As mobile phones become smarter, recruiters are also following suit.
In the last three years, social media recruitment went from 39 percent to over 52 percent.
And most of this recruitment was done via some sort of mobile technology.
Recruiters and Hiring Managers are extremely busy professionals and often use their cell phones to go through their emails (just like the rest of us).
Take Sue, for instance. She’s a very busy recruiter working for a New York headhunting firm, and takes the subway and a taxi to and from work.
Which of the two following resumes do you think she will gravitate towards?
She won’t be able to check this one properly until she can download a copy on a desktop version of Microsoft Word. Plus -- where’s his number? It seems to be hidden by a light blue box.
So she closes it and quickly opens the next.
Richard’s thankfully made her life easier by using a nearly plain-text resume format that shows up beautifully on her iPhone. She taps his number, her phone dials it, and she gets Richard on the phone to ask what his availabilities are this week.
She promptly forgets all about Dean and returns to her busy schedule.
Frankly, in this short-attention-span age, the quicker you can make your point and inspire people to interview you, the better off you are.
Follow these simple tips to make sure your resume passes the “mobile-friendly” test:
1. Use a simple format.
Resist the urge to go all out when formatting your resume. Use a clean font, larger than size 10, so that the reader doesn’t need to zoom in to see your resume. Use lots of white space, avoid tables, and use bulleted lists wherever possible.
2. Think vertical.
Most people look at their mobile screen vertically and scroll down using just a single finger or thumb. Pack the top 1/3rd of your resume (the visual center) with the most important information about yourself -- your key skills, your biggest accomplishments, and the most important thing you can offer to an employer. The trick is to grab the readers’ attention from the beginning, so even if they are in a hurry, they immediately see you as an asset and your resume sticks in their memory.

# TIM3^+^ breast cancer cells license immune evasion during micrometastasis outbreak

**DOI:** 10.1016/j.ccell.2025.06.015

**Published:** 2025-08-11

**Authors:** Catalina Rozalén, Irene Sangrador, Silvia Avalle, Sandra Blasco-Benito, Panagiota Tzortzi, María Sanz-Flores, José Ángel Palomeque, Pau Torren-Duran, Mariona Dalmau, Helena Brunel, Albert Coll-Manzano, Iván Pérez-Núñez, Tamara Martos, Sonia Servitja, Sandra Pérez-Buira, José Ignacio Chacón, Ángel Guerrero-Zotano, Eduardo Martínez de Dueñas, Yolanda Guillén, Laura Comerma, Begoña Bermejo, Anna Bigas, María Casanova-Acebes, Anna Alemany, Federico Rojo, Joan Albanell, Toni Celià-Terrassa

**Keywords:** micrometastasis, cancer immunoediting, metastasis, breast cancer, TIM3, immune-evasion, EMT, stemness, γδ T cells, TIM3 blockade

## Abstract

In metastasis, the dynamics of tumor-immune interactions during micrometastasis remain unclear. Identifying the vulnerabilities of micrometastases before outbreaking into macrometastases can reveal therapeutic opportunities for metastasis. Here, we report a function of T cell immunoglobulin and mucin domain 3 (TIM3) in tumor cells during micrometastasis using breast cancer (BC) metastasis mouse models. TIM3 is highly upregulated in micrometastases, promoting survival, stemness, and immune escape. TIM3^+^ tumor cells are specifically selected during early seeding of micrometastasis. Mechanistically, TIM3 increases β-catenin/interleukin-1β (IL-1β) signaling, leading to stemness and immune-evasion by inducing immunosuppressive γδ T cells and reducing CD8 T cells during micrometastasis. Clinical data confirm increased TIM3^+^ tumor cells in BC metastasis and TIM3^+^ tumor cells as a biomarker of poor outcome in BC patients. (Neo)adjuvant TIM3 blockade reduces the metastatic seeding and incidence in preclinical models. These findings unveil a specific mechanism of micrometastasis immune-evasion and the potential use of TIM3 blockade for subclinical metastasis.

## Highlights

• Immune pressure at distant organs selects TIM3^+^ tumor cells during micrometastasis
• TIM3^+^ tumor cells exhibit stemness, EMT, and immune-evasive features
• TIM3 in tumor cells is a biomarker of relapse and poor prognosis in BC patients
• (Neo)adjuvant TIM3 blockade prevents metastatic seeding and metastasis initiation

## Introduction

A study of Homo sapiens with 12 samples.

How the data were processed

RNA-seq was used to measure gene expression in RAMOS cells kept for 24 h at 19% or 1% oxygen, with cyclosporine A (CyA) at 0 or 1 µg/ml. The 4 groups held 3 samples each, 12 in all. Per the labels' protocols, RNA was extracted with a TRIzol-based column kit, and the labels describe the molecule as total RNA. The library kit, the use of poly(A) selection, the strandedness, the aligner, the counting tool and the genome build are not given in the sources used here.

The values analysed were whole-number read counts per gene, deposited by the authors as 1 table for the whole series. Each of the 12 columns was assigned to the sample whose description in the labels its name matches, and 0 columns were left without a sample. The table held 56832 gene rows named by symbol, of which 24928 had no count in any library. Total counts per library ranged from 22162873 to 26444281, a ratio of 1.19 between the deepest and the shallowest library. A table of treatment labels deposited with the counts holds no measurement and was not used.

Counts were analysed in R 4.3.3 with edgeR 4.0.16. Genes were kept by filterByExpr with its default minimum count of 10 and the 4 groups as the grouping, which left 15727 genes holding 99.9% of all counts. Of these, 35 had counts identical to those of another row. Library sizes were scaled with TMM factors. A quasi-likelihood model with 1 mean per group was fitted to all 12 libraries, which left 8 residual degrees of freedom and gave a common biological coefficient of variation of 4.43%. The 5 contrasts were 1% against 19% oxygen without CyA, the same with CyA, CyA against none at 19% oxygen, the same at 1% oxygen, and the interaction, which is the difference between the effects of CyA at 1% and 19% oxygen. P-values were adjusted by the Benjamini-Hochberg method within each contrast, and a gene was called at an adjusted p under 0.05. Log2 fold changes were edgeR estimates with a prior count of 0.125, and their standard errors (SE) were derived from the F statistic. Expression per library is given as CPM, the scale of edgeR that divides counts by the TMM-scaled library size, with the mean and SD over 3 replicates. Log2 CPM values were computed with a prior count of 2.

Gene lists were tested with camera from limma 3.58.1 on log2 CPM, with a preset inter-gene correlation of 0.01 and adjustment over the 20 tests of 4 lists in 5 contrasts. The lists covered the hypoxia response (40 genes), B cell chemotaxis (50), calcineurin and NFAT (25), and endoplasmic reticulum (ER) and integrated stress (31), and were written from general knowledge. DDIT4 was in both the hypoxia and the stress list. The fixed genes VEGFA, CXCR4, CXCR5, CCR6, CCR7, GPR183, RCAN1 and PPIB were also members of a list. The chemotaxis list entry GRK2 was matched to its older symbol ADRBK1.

3. Get to the point, fast.
Make Hiring Managers’ lives easy by keeping your resume to just a couple of pages and using short, simple bullets to explain what you did. Group similar bullets together and delete or combine redundant ones.
4. Use hyperlinks to save space
Add hyperlinks to your contact number and email to make it easier for hiring managers to contact you while they’re still on their phone. Include your personal portfolio, if applicable. Try to keep your contact info to a single line.
5. Test, Test, Test!
Send your resume to several friends with different cell phones. At the very least you want to check what your resume looks like on an iPhone, Blackberry, and Android phones. Save your resume in Word, not PDF, because if the recruiter wants to upload your resume to an Applicant Tracking System, your Word file will perform better.
6. Make it easy for them to understand what you do.
The purpose of a resume is to secure an interview. One of the best ways to quickly make an impression is to include your headline right under your name, just like Richard did in his resume:
This blog has been prepared for Mood Group by Fatemah Mirza and we are grateful to Fatemah for sharing her valuable contribution with our community.
Fatemah Mirza and her team at CareerTuners.com have helped more than 2500 professionals get unstuck and into their dream jobs since 2010. Fatemah loves creating resources for job seekers.
She can be reached at firstname.lastname@example.org, or via LinkedIn.